Certainly it cannot be dismissed, she says, but it can easily be used by unscrupulous political candidates to influence voters. Thus, the particular faith a person puts down on paper can be an important point, but there are other things to examine before we let it be our only influence.
Mahoney says there is no clear answer to the question of whether faith belongs in government and politics. While some people may not believe religion belongs in government, there is room to say that values do belong in politics, she writes. How a person's faith influences their values is an important part in choosing a particular candidate. A Christian voter not only must determine how this faith does or does not influence the way he votes but also if faith or values influence the life and leadership of candidates.
Almost every candidate today has listed a religion of some kind in their political platform. The candidates usually espouse some sort of Christian values, she writes. However, the more important question is how those values influence the candidate's decisions and leadership. There are agnostic candidates that demonstrate more Christian values than those who claim to be Christians, and there are good Christian candidates that balance their faith and values well. A label alone doesn't mean the person shares your values, she writes.
Mahoney recommends Christian voters be careful to not get blindsided by a label. She suggests looking at the candidate's history on issues important to them, such as social security, student loan funding, health care or abortion.
What about Christians in Danville? Does their faith and their church influence the way they vote?
In a random survey of some two dozen people who were leaving their respective houses of worship after weekday services and programs, 20 of the 24 said their faith, religious values and, in many cases, the doctrines and dogmas of their respective denominations have at least some influence on the way they vote.
Many of these respondents indicated their voting booth decisions focus on such issues as abortion, capital punishment and euthanasia. The vast majority of those willing to state their positions on those issues said they were "pro-life" and against abortion; some said they also were opposed to capital punishment and euthanasia.
However, several of the respondents - both those who described themselves as "pro-life" voters and those who didn't - said their faith also was reflected in their concerns about such issues as poverty, hunger and lack of accessibility to health insurance.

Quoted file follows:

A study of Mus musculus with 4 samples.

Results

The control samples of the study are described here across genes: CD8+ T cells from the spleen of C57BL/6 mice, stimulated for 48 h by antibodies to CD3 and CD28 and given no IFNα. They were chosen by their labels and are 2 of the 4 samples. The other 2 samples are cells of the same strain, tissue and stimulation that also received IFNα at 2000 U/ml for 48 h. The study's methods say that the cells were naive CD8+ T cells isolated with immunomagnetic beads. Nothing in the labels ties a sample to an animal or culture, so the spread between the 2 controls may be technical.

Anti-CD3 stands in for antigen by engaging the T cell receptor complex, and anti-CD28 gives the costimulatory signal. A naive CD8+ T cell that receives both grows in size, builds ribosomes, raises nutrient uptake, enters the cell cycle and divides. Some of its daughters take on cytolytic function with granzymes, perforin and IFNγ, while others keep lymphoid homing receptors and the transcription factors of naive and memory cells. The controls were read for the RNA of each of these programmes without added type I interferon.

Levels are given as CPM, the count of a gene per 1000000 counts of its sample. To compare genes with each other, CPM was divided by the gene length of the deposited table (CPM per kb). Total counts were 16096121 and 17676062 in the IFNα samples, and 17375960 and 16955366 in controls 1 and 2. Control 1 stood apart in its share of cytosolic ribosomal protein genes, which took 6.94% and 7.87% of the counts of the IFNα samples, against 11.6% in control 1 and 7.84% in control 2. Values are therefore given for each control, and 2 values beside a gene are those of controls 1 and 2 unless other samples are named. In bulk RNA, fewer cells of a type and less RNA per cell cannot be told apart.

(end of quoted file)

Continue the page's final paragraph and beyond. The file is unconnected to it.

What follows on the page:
The four other respondents said their faith and religious values and their church's doctrines were not necessarily reflected in their votes. For example, one of these respondents said they were "pro-life" but could vote for a candidate who was "pro-choice" if that candidate shared his "progressive" views on other issues such as education, the economy and the environment while his "pro-life" opponent didn't share those views.
By and large, most of the 24 survey respondents indicated they were conservative in both their religious and political views. However, some labeled themselves as moderate in their religious and political views; a couple said their religious views were conservative but described themselves as moderate to liberal politically.
A sample of some of the respondents were parishioners at Danville's SS. Peter and Paul Catholic Church. They were leaving a weekday Mass when they were interviewed.
"My faith is reflected in who I vote for," said Bonnie Kehoe. "Issues such as abortion, capital punishment and euthanasia are important - I am pro life - and I prefer candidates who share those views."
Judy Schaefer said her faith impacts her whole life, not just the way she votes.
"My religious faith can't be separated from any aspect of my life, including politics and the way I vote," she said.
Sue Vogt agreed.
"My faith is my life," she said. "Any decision I make in the voting booth reflects my faith and my Christian and Catholic values, whether it's abortion or helping the poor."